In August, Patrick Dunleavy blogged that every key ‘Westminster model’ country now had a hung Parliament, following Australia’s election. With a referendum on introducing the Alternative Vote for House of Commons elections due in May 2011, and the coalition government due to announce plans for replacing the House of Lords with a PR-elected chamber in January, there is a real prospect that Britain’s future constitutional and electoral arrangements may look thoroughly Australian in their design. Chris Gilson presents an update on post-coalition forming developments ‘down under’ .
Back in September, after a week of post-election uncertainty much akin to our own in May, the incumbent Labor Prime Minister of Australia, Julia Gillard announced that she would be forming a minority government. The government now comprises 72 Labor MPs, 1 Green MP and 3 independent MPs, on which support for the government hinges as there are 74 MPs in opposition. The House is elected using the Alternative Vote (AV) system (for more information please see our Simple guide to voting systems), which is the system to be proposed for the UK in a referendum next May. We have updated our earlier table to reflect the final result:
House of Representatives final election outcome
|Party||% votes||Seats||% seats|
|Australian Labor Party||38.5||72||49.7|
|Country Liberal Party||0.3||1||0.7|
The coalition is a boon for the Australian Green party with (like the UK this year) their first seat in the lower house. As the third largest party in parliament, they will be able to use their influence, and Gillard is expected to press forward with environmental reforms, also hoping to erase the electorate’s memory of her predecessor Kevin Rudd who failed to proceed with promised carbon trading legislation. To the surprise of some, Gillard has let Rudd back into government, with a cabinet post as Foreign Minister – a position in which he may be able to exercise some power, with his previous experience as a diplomat being one of his main assets.
What will be interesting to see will be how Labor holds together this ‘rainbow coalition’. While the Greens can be relied on for support, the three rural, independent MPs in the new government have widely differing priorities, and may only support Gillard’s government in matters of confidence and supply. One of the independents, Rob Oakeshott, has declined a cabinet posting as regional development Minister, which will ensure that he remains independent of the government in policy terms.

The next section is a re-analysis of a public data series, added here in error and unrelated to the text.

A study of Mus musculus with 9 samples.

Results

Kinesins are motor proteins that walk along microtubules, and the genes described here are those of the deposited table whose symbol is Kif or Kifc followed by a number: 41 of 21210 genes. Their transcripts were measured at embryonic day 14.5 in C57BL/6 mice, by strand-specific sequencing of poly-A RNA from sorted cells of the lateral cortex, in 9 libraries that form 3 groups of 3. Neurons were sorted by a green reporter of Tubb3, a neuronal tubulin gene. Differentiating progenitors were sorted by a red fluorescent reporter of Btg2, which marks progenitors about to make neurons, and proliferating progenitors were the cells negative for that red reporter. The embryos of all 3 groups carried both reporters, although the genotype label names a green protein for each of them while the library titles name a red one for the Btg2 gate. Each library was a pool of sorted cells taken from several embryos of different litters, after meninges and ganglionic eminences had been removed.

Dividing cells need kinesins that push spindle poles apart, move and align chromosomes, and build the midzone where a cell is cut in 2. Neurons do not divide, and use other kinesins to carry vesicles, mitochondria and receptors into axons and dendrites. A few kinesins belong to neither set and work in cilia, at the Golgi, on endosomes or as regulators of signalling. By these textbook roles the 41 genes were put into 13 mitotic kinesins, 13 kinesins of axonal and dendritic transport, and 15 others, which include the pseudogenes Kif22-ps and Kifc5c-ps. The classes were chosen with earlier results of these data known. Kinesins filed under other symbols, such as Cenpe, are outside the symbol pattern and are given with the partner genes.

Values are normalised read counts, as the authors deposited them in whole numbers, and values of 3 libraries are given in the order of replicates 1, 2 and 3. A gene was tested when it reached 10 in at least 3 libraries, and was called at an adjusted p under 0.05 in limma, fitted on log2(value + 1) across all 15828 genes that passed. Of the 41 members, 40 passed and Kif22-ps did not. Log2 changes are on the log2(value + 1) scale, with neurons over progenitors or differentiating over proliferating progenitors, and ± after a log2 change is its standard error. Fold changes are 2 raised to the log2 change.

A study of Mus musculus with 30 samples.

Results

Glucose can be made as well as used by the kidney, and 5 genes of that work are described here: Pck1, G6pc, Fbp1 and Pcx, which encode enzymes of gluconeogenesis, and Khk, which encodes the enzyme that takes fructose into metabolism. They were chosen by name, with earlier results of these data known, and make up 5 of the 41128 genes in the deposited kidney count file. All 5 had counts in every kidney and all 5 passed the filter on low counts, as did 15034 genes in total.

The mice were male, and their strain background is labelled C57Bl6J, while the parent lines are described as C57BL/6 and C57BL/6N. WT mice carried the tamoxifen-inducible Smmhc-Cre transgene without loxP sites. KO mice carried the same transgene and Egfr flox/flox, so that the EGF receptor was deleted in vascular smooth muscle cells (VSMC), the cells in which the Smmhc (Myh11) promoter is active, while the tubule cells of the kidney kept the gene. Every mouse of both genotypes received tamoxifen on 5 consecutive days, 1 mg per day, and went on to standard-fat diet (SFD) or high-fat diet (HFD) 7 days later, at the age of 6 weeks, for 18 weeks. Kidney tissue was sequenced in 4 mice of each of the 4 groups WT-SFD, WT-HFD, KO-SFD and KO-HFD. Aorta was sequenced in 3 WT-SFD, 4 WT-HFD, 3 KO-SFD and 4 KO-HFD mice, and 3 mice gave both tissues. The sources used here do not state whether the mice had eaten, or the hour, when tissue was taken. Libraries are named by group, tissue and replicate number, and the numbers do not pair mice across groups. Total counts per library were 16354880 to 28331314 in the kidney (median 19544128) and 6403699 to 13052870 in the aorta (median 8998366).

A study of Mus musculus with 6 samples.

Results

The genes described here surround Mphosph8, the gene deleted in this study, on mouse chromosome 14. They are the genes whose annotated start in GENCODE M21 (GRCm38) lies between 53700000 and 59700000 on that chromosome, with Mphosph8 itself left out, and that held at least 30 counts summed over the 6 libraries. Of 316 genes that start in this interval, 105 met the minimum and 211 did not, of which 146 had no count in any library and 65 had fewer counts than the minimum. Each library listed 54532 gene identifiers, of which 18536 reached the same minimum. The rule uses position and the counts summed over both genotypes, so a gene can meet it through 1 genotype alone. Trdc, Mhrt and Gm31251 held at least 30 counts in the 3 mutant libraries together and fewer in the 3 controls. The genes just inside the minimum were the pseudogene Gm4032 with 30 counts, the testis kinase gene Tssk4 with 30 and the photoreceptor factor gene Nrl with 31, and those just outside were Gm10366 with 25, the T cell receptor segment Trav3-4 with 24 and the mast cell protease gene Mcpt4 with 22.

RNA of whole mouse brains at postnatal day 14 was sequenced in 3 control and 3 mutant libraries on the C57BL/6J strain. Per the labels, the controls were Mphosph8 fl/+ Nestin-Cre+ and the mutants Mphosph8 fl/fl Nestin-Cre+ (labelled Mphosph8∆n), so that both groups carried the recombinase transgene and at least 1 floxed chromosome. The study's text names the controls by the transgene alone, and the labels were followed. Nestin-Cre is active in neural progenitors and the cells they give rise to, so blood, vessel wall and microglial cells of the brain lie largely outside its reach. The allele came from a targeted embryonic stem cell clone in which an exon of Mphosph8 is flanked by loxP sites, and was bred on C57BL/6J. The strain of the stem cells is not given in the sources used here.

Senate final election outcome
|Party||Percent of Votes||Seats won in 2010||Total seats||Change||Percent of Seats|
|Australian Labor Party||35.2||15||31||-1||40.8|
|Family First Party||2.1||0||0||-1||0|
|Democratic Labor Party||1.1||1||1||1||1.3|
*40 Senate seats were not contested in 2010, because their incumbents were elected in 2007
In the elections for the senate, which uses the Single Transferrable Vote (STV) system (for more information please see our Simple guide to voting systems), 40 of the 76 senate seats faced election, and ten changed hands. The Greens especially benefitted from the STV system, gaining 13 per cent of votes, and nearly 12 per cent of seats. Compare this to their 12 per cent vote share and less than 1 per cent seat share in the House of Representatives. The importance of the senate is clear, with Gillard appointing 17 Cabinet posts to senators.
While the new senators do not take their seats until July 2011, the results means that Gillard does not have a majority in the senate as well as in the lower house, and will also have to rely on the Greens for support – a Green/Labour block, would give 40 votes, up from 37 in 2007, compared to the Liberal/National Coalition’s 34 seats, down from 37.
As with the lower house, Gillard will have to make concessions to the Green party in order to pass her legislative programme through the senate – there will inevitably be horse trading over the course of this government, with the Greens wanting to extract tougher environmental concessions in exchange for support.
If Gillard can keep her government going until next July, she may however prefer the enhanced Green presence in the senate – even with concessions, a combined Labor/Green block of 40 seats may be able to get legislation through the senate more easily. At present both sides have 37 seats and are subject to both a left-leaning, independent (Nick Xenophon) and the right-of-centre Family First party holding the balance of power.
The senate in Australia has the quirk that while using a system of proportional representation, each state has 6 senators (the two territories have two each), regardless of population differences. This gives smaller states a greater than normal voice in the senate as compared to the lower house.
Looking at individual states, we can see that even with STV, vote share is not necessarily a guarantee of election. In Victoria, the Democratic Labor Party gained a senate seat with a lower vote percentage than the Family First Party.
Senate seats won and vote shares by party across Australia’s states and territories
|Liberal/National Coalition||Australian Labor Party||Australian Greens||Family First Party||Democratic Labor Party||Other||Totals|
|Seats won||Per cent||Seats won||Per cent||Seats won||Per cent||Seats won||Per cent||Seats won||Per cent||Seats won||Per cent||Seats||Per cent|
|New South Wales||3||39||2||36.6||1||10.7||0||0.9||0||0.8||0||12||6||100|
The Australian senate results under STV are of special interest in the UK – the STV system is also widely recommended for the UK in replacing the House of Lords (click here for more details).
As in the UK, Australia’s politicians have little prior experience of coalition government. With so little difference between the number of government and opposition MPs, Julia Gillard will no doubt be watching the UK’s progress with interest.